The raise of populism, the demise of slow thinkers.


As I was reading through the first chapters of the book, my mind kept relating what Kahneman says with what’s happening in politics across the globe. Populism, no matter if it’s right or left-wing, is taking over the Western world. Why is this happening? Well I don’t have the answer, but I have a theory that I’d like to share with you.

In a nutshell, Daniel Kahneman’s theory is that our brain has two systems. System number 1 and System number 2. System 1 is the first reaction, the emotional brain. System 2 is the rational brain, and it requires some effort to use it – and probably some training.

An example that comes to mind when I try to relate Kahneman’s theory to politics is the following: my grandfather died in a plane crash in the 90s. It is because of it that I’m not too fond of planes, I prefer cars. Now, I know that statistically speaking, I should feel less safe in a car, because it is more likely to be involved in a car accident than in a plane accident. Yet, if you come to me and say, “Hey statistically speaking, you should be more afraid of cars than of planes”. My immediate response to you (System 1) will probably be “well you are very insensitive, and clearly don’t understand my feelings at all”. Furthermore, in my experience, plane accidents are more common, because I don’t have any family members who have been in a fatal car accident (thankfully).

I think this could be applied to Brexit, Trump, LePen, Wilders, etc. They are all fast thinkers. Or at least, they are experts in taking advantage of System 1 by taping on our emotions. Some use the fear of muslim terrorists, some use the fear of an economical crisis or losing a country’s identity. The speech may vary, but the principle remains the same. I’ll expand on Brexit because it is close to home. I actively campaigned for the remain campaign and I had the chance to talk to hundreds of people who explained to me why they did or did not give a rats ass about the European Union. It was actually talking to people that something in me clicked, but I couldn’t put my finger on it until I started reading Kahneman’s book.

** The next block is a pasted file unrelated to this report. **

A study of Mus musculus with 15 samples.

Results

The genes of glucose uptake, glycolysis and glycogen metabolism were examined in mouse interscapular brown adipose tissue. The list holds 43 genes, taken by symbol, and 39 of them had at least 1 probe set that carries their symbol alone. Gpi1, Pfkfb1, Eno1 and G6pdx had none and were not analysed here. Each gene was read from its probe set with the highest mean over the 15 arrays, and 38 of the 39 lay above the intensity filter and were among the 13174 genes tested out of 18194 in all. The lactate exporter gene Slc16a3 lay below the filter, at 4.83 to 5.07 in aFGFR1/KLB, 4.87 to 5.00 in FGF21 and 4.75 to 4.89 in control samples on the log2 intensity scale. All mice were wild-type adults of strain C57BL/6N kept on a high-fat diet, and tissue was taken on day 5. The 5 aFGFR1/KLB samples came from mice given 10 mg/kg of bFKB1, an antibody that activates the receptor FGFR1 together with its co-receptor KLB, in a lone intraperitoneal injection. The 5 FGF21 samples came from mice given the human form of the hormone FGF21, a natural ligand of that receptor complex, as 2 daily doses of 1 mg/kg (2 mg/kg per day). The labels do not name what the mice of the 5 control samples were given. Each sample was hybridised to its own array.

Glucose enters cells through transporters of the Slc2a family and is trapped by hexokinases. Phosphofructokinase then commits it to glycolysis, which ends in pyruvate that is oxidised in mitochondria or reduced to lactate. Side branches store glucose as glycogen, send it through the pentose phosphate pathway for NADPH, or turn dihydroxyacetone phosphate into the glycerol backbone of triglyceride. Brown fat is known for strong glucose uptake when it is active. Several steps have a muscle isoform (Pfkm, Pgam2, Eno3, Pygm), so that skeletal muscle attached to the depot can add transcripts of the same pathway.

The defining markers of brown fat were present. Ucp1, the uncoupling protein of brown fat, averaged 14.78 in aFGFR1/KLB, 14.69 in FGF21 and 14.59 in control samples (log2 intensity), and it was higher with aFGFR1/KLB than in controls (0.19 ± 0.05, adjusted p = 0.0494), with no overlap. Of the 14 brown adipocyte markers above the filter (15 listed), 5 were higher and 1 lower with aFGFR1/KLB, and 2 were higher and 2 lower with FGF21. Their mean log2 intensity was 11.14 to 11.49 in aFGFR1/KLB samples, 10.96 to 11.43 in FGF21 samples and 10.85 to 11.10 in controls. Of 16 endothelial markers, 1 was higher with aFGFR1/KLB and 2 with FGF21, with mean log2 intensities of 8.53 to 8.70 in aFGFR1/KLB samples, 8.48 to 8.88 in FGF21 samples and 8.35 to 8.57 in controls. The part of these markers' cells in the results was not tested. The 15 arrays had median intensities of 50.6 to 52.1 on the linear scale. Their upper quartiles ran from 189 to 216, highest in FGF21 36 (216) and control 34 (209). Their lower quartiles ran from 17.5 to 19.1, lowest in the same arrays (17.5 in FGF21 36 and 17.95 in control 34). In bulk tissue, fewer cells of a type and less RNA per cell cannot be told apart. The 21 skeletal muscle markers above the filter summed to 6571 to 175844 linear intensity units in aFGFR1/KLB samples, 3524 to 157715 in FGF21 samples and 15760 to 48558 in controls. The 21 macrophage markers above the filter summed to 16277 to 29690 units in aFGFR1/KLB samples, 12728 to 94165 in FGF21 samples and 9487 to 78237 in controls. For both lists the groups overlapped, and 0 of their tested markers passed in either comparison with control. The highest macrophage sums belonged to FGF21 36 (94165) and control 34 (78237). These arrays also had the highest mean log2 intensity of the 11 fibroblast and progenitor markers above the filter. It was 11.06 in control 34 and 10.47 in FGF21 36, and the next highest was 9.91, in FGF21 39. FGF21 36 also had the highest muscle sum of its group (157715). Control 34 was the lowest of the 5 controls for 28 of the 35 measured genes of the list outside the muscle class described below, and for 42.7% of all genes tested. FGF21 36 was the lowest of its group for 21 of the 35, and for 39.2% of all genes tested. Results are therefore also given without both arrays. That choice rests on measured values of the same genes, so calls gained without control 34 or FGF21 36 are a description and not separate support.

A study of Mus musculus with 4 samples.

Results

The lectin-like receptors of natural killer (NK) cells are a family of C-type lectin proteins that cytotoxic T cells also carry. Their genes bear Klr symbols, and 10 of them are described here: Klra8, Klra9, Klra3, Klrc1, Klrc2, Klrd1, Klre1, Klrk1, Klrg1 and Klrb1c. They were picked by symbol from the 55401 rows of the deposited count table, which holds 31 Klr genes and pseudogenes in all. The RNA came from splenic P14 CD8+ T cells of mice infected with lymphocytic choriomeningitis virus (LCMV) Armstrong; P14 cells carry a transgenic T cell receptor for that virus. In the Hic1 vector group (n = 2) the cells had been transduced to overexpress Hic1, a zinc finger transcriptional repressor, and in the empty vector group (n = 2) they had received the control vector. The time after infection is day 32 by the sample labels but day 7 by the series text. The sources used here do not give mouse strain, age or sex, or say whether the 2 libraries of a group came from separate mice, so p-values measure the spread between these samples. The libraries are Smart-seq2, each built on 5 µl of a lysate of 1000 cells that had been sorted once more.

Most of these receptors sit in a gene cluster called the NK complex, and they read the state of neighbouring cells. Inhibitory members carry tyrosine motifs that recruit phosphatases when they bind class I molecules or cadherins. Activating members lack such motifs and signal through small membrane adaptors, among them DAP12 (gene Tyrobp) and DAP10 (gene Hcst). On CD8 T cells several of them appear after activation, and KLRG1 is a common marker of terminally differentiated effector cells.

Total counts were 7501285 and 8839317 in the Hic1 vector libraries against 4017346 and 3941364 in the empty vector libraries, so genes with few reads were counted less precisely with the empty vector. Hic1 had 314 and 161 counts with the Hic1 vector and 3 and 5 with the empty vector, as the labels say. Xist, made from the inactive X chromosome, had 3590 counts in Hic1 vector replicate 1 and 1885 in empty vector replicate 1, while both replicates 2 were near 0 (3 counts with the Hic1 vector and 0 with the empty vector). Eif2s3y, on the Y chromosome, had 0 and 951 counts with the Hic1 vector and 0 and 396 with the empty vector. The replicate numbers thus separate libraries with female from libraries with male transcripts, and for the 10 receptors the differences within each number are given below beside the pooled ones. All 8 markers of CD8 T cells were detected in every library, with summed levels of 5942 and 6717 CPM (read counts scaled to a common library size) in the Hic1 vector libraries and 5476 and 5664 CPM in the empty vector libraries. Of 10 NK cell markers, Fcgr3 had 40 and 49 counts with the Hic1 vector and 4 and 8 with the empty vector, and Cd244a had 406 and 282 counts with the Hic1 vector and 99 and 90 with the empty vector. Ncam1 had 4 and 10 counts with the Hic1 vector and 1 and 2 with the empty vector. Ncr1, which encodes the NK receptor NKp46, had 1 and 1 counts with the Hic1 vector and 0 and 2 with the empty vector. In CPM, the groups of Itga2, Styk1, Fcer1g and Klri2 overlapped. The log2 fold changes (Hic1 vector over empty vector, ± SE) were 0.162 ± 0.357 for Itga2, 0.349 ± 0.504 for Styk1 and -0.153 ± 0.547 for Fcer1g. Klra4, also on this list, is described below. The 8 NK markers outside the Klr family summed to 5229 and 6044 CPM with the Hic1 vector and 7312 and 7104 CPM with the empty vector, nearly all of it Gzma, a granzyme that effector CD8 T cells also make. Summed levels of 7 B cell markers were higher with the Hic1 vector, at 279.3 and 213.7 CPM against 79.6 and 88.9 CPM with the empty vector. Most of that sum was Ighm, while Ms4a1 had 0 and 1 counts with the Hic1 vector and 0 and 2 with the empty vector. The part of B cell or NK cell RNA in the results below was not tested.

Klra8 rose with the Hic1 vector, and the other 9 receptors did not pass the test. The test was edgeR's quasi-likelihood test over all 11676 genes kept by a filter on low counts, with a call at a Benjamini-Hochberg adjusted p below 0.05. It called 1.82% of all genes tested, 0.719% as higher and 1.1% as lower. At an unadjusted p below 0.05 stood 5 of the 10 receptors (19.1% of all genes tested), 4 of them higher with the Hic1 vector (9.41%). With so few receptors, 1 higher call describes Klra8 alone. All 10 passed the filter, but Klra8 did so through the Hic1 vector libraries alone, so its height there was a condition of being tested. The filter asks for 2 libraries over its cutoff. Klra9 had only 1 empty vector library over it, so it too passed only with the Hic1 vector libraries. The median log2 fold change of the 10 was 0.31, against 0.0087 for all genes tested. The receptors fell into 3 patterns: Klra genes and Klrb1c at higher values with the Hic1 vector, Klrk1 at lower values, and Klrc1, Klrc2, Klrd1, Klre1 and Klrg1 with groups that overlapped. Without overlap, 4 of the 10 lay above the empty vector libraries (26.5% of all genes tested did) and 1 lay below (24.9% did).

I can’t talk for all of us, but in my case I think I made the mistake to think that because I had ‘evidence’ on my side, my arguments were more valid than the arguments of others. I actually looked at Brexiteers over my shoulder, I felt entitled… And why did I do this? Because I failed to think fast enough (i.e., I failed to empathise). I have always been an evidence based person. Feelings aside, whatever evidence shows, I’m with it. But let’s be honest, I am still afraid of planes. So, how can I expect others to listen to evidence when their own experience tells them otherwise? Who am I to tell them what evidence shows when what they see day after day is different?

People only know what they know. You can’t blame them for not knowing more. Yes, as citizens with the right to vote we have the responsibility of making informed decisions when it comes to elections. But again, not everyone makes decisions based on what evidence says, but on what our own experiences have taught us – what we are familiar with or what we feel passionate about. Populism feeds on people’s emotions – poverty, the underdogs, fear of the unknown. They are experts in outraging people who don’t think like them, and we bite the bate. We immediately dismiss them because “they don’t know what they are talking about, they don’t read enough, they come from a rural area…”. This is just so arrogant. We need to stop dismissing people’s emotions. We are humans, we feel and then we think. System 1 will always proceed System 2.

I feel like populism is threatening my dream, which is a united and multicultural Europe. I am no politician, but I know one thing, we are doing it wrong. If we keep ignoring people’s feelings and don’t stop dismissing people for being “irrational” we will lose this ideological war. It is in our hands to actually start listening to what people say, and helping them visualise why the EU is valuable to them, how immigration will make their country even greater, how fear is just getting in the way of them living a happy life. Because at the end of the day, that is all any human wants, and that is, to live a happy life.